SSH in Python: A Quick Working Sample

In one of my recent consulting projects, I had to use SSH from Python. After a little research, I ended up with using the paramiko package as library.

Installing Libraries

To download the paramiko package, just check out this link. What I downloaded was paramiko-1.12.0.tar.gz. After it’s uncompressed with 7-Zip to a temparary directory, just issue the following command and the needed library got installed into the site-packages directory.

C:\Dev\python27\python.exe setup.py install

That is not enough as I found out through a series of import errors. To make the paramiko package work, two dependent packages are needed: PyCrypto and ecdsa. The installation of the PyCrypto is straight-forward with an installer from this site. I first downloaded the 64 bit but didn’t seem to work well as it could not find my Python installation home. I then tried the 32 bit (pycrypto-2.6.win32-py2.7.exe) and worked well.

The ecdsa is a bit interesting. A quick search got me the project home on the GitHub right away, and then some description there concerned me as it mentioned support for Python 3.x. After going through a few issues with Python compatibility from version to version, I was not sure if I wouldn’t run into issues. Regardless, I downloaded the zip (python-ecdsa-master.zip) from master branch anyway. Without typical setup.py, I just copied the ecdsa folder to the site-packages folder, and it worked magically.

That is all about the installation of needed libraries.

Sample to Run Remote Shell Command

Let’s now take a look at the working sample code. To run it, you want to change the IP address and password to your Linux machine.

 
import paramiko
 
def runSshCmd(hostname, username, password, cmd, timeout=None):
    client = paramiko.SSHClient()
    client.set_missing_host_key_policy(paramiko.AutoAddPolicy())
    client.connect(hostname, username=username, password=password,
            allow_agent=False, look_for_keys=False, timeout=timeout)
 
    stdin, stdout, stderr = client.exec_command(cmd)
    data = stdout.read()
    print data
 
    client.close()
 
runSshCmd("192.168.16.8", "root", "cloud", "uname -a")

As you can see, the code has one function that takes host, credentials, and a command to be executed. The last line calls the function with needed information. If you have many commands to run in a row, you can change the design a bit so that you don’t connect and close for each command.

Troubleshooting

Besides several import errors that pointed me to additional packages, I also got the following error in the end just before it started to work:

paramiko.SSHException: No authentication methods available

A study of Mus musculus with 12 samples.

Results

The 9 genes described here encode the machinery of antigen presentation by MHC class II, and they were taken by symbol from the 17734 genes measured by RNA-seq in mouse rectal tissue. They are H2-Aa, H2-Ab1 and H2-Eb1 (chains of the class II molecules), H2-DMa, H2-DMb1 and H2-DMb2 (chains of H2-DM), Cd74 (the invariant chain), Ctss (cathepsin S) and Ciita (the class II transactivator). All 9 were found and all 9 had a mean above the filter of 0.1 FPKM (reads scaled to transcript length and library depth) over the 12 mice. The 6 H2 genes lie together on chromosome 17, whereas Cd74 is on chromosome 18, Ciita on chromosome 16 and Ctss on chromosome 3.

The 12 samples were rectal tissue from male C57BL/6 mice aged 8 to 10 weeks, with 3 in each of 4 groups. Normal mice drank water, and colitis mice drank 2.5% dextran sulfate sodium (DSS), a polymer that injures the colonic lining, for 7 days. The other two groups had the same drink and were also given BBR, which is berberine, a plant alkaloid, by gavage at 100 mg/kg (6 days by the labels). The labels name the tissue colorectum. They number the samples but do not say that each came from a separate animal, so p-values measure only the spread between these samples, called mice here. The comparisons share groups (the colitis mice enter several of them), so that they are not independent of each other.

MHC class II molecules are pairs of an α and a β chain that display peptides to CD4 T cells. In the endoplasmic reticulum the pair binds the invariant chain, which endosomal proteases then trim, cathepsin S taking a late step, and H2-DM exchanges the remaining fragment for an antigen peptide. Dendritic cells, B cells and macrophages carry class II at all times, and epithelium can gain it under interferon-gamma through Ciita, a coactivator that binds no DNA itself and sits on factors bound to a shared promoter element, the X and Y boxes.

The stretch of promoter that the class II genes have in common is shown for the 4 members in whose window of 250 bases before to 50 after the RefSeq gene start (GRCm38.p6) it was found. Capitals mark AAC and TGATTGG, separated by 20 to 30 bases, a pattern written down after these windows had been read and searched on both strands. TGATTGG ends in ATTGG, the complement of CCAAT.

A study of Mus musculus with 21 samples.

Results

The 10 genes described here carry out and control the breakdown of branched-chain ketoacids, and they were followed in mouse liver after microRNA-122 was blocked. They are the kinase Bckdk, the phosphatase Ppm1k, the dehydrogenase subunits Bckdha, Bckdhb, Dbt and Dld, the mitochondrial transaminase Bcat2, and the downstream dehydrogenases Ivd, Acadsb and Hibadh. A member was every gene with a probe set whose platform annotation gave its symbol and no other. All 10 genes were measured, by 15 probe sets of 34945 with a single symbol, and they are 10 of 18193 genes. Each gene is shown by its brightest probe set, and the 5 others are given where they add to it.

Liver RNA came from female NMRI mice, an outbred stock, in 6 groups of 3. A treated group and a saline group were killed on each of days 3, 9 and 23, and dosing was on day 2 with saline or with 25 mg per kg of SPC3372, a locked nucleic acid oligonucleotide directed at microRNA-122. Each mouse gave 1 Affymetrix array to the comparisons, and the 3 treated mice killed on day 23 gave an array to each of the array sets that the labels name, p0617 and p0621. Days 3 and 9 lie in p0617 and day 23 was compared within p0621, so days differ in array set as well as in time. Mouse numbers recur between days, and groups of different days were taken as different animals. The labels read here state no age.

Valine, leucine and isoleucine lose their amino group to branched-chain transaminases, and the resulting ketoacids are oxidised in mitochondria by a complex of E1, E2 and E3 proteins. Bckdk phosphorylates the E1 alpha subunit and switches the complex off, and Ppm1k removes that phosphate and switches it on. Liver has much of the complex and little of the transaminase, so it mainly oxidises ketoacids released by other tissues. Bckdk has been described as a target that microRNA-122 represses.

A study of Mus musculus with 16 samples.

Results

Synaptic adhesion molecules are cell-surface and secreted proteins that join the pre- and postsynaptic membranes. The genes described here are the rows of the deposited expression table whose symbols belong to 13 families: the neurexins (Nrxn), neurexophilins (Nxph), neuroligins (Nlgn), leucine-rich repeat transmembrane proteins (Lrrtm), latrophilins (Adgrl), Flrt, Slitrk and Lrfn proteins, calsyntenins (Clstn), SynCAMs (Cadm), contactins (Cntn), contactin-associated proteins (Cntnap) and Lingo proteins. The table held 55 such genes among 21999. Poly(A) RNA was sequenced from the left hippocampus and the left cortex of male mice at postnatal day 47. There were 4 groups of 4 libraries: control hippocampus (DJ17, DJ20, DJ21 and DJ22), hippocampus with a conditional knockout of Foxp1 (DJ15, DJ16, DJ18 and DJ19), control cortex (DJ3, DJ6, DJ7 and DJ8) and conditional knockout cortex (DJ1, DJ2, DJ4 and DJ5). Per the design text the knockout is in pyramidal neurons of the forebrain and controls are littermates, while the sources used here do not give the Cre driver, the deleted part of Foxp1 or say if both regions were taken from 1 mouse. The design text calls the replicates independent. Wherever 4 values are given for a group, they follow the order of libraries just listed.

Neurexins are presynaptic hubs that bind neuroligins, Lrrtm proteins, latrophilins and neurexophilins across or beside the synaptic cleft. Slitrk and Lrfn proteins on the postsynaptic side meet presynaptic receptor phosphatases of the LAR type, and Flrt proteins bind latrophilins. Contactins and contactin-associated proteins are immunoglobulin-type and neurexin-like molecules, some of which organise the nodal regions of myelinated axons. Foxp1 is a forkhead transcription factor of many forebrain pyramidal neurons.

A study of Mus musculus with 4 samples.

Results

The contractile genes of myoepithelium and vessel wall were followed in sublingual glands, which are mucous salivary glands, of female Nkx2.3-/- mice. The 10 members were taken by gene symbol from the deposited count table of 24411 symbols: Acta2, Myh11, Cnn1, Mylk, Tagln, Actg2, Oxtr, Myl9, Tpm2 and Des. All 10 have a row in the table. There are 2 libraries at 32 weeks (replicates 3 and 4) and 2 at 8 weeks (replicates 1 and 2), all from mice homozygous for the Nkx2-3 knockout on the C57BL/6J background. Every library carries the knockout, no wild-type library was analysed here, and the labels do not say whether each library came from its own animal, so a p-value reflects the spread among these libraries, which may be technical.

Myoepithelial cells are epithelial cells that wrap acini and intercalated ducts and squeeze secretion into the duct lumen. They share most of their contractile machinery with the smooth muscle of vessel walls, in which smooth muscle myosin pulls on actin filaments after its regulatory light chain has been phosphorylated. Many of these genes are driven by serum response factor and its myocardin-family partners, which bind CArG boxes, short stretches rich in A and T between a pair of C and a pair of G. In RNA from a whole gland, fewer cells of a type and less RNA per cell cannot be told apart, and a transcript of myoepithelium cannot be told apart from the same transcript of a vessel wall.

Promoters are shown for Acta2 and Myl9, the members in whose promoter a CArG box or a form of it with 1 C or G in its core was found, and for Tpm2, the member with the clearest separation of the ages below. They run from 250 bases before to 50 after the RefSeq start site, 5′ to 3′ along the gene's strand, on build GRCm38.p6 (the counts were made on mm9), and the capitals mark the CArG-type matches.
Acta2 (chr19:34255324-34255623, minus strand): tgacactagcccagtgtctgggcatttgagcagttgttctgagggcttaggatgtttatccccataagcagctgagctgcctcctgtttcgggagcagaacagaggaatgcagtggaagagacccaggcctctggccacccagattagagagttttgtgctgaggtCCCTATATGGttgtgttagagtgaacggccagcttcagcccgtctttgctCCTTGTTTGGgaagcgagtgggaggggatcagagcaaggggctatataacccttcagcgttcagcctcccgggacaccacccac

The code that leads to this error is slightly different as follows:

    client.connect(hostname, username, password, allow_agent=False, look_for_keys=False)

After debugging into it, I found the underlying library got password as None. It turned out one of the parameter names is exactly called parameter and my arguments order does not match the API, therefore it assumed that password is None. A silly mistake. Changing it to password = password solved the problem.


  1. Al
    Posted January 5, 2014 at 12:39 am | Permalink

    Thank you very much..I am just wondering how can modify the script if I have so may routersto access , and I wanted the script to read the host names from a file.

    Thanks

  2. Posted January 5, 2014 at 3:44 pm | Permalink

    You are welcome Al,

    I believe you can find many script samples on reading strings from a file. Not clear about “so ma(n)y routers to access.” Can you elaborate?

    Also, I offer consulting and training services. If you are interested, please let me know.

    Steve

  3. Posted January 22, 2014 at 4:09 pm | Permalink

    Hi Steve,

    I’m looking to solve a console access problem. My customers are asking for console access via ssh and rpc to their hybrid cloud environments.. VMware – Linux, Windows, AWS, Openstack and others. Ideally, my customers would be able to order and provision an image and then be able to click on a console access link to A. Watch the installation process of an OS, or B. Get terminal access to the image once it’s up and running. I would like to build console access solution into our application that’s vendor neutral, yet retains the flexibility and functionality that my customers are looking for. I know that there are several hurdles that I need to overcome.. such as ssh pub / private key mgmt for the public CPS’s, which API’s to use etc. I’m looking for your guidance and thought on the matter.

    Thank you,

    Hani.

  4. Posted January 23, 2014 at 12:45 am | Permalink

    Hi Hani,

    If your customers want to use SSH for connecting to their virtual machines, the cloud is out of picture except the initial OS installation process. There is no difference for SSH to connect to a physical machine, or a virtual machine within enterprise or by cloud provider. Most likely, customers don’t install OS by themselves – they just clone from an existing, and hopefully well tested, template with OS already installed.

    The tricky part comes when they want to have password less access because it involves the key management. Different providers may have different ways/APIs to do it. I am sure you can unify them for a single and easy to use solution.

    Good luck!

    Steve


    Me: Steve Jin, VMware vExpert who authored the VMware VI and vSphere SDK by Prentice Hall, and created the de factor open source vSphere Java API while working at VMware engineering. Companies like Cisco, EMC, NetApp, HP, Dell, VMware, are among the users of the API and other tools I developed for their products, internal IT orchestration, and test automation.